If I’m walking back to my residence hall at night and I start to feel unsafe, how do I get a ride? Thankfully, I’ve never felt like I was in serious danger on or near GW’s campus, but if I ever did, I’d request an Uber – not a 4-RIDE.
If students do feel unsafe near or on campus, officials recommend they use 4-RIDE. But the truth is, I don’t think I can count on that system as an efficient or reliable option.
At the start of the month, the University of Florida followed in the footsteps of GW’s peer school the University of Southern California and entered into a partnership with Uber to supplement its safe-ride program – a step GW should also take to provide students with a dependable option for getting home.
Why? Simply put, it’s fast: Newsweek reported that the median response time for Uber in D.C. is three and a half minutes. Its smartphone app that uses GPS technology to connect riders and drivers is easily accessible on my phone, and I can walk toward the car as I see it coming on the map.
Senior Associate Vice President for Safety and Security Darrell Darnell told me through a spokesman that “4-RIDE is designed to be used as a security escort for students who feel unsafe and need a ride immediately or for students who need to get to a location on campus at night, but would otherwise have to go there alone.”
But in practice, it takes me several minutes to even request a ride. I can call an operator, or I can sign in to fill out the four-question form online or on the GW mobile app.
There’s no way to know how long I’ll have to wait for a ride before I request it. By contrast, I can see how many minutes away an Uber car is as soon as I open the app. All 4-RIDE does is send a text when my vehicle is en route, and I have no way of knowing when it has arrived. Darnell has said in the past that the goal is for students to get a ride within 15 minutes of calling for one – a far cry from Uber’s three-minute window.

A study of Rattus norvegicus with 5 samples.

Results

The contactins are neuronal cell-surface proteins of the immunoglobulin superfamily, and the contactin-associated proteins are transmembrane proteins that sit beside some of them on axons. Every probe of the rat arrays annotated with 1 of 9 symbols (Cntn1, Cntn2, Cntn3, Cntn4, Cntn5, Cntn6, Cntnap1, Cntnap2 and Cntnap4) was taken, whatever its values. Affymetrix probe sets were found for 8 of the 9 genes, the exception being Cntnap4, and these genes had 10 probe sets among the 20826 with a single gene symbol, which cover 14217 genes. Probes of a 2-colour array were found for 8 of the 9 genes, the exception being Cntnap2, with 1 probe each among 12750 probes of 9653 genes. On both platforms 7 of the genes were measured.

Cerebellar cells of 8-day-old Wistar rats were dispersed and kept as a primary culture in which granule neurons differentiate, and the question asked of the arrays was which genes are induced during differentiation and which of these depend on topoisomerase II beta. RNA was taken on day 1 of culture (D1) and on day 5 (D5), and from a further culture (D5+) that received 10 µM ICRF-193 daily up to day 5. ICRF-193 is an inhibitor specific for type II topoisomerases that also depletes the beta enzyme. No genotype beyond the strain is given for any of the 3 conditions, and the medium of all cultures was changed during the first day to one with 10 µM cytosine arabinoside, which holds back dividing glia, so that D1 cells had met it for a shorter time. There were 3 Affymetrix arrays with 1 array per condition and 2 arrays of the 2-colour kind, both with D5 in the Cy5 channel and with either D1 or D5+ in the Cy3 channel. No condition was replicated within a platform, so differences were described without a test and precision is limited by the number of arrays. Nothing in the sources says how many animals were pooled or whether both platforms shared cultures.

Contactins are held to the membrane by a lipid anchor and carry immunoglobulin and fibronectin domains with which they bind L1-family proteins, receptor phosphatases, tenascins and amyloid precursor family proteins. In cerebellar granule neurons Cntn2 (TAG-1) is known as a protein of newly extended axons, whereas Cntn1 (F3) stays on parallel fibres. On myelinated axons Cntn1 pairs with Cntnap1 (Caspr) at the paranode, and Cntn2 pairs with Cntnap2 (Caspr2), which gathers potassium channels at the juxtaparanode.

The only advantage of 4-RIDE now is that it’s free – but that means students who can’t afford a service like Uber are left without a reliable, efficient option. University spokesman Kurtis Hiatt declined to comment on whether GW would be open to exploring a partnership with Uber.
At UF, the restrictions are simple: Students who enter a code provided by the student government are eligible to request an Uber from Wednesday to Saturday between 10 p.m. and 3 a.m. They receive a 50 percent discount on their rides. The new partnership is not replacing UF’s security service, but rather supplementing it at peak hours.
At USC, students complained of long wait times and unreliability from their campus van service, prompting that school to partner with Uber in January. Whenever wait periods exceed 15 minutes, students are forwarded to the Uber app and the trip is free. Rides taken through Uber’s programs at USC and UF are only discounted if they begin and end on or around campus, similar to 4Ride’s service area at GW.
Students have called attention to 4-RIDE’s inefficiency for years. Most recently, Student Association President-elect Andie Dowd campaigned on improving 4-RIDE to make it more like Uber. In her platform, she suggested implementing TapRide – an app in place at Northwestern University, another peer school – as one possible option, describing it in The Hatchet’s editorial board’s endorsement hearing as “Uber-style technology.”
When I asked Dowd’s thoughts about partnering with Uber directly, she told me in an email, “It is an interesting idea, but I think it’s important to be realistic with our goals. It is definitely something that we will look into and research, and we would love to learn more about the program.”
Many students already know, like and use Uber. Its technology is superior, and when it needs to be upgraded, users simply update the app. Dowd should look to other universities that are partnering with Uber for examples of programs to provide students with an effective safe-ride option.
Michelle Garcia, the associate director of transit at USC, told me that the program there is funded by the University but her office isn’t allowed to release specific cost numbers under the terms of their contract with Uber. That means that if GW were to enter into a similar partnership, it may have to foot some of the costs.
Uber spokesman Taylor Bennett did not comment on whether Uber would be interested in exploring a partnership specifically with GW, but did write in an email that the company is “constantly exploring new opportunities to provide value to our users and positively impact their local communities.”
Even though I’ve never felt unsafe on GW’s campus, many do, and those students deserve a reliable option to get them home safe.
Margot Besnard, a sophomore majoring in political science, is a Hatchet opinions writer. Want to respond to this piece? Submit a letter to the editor.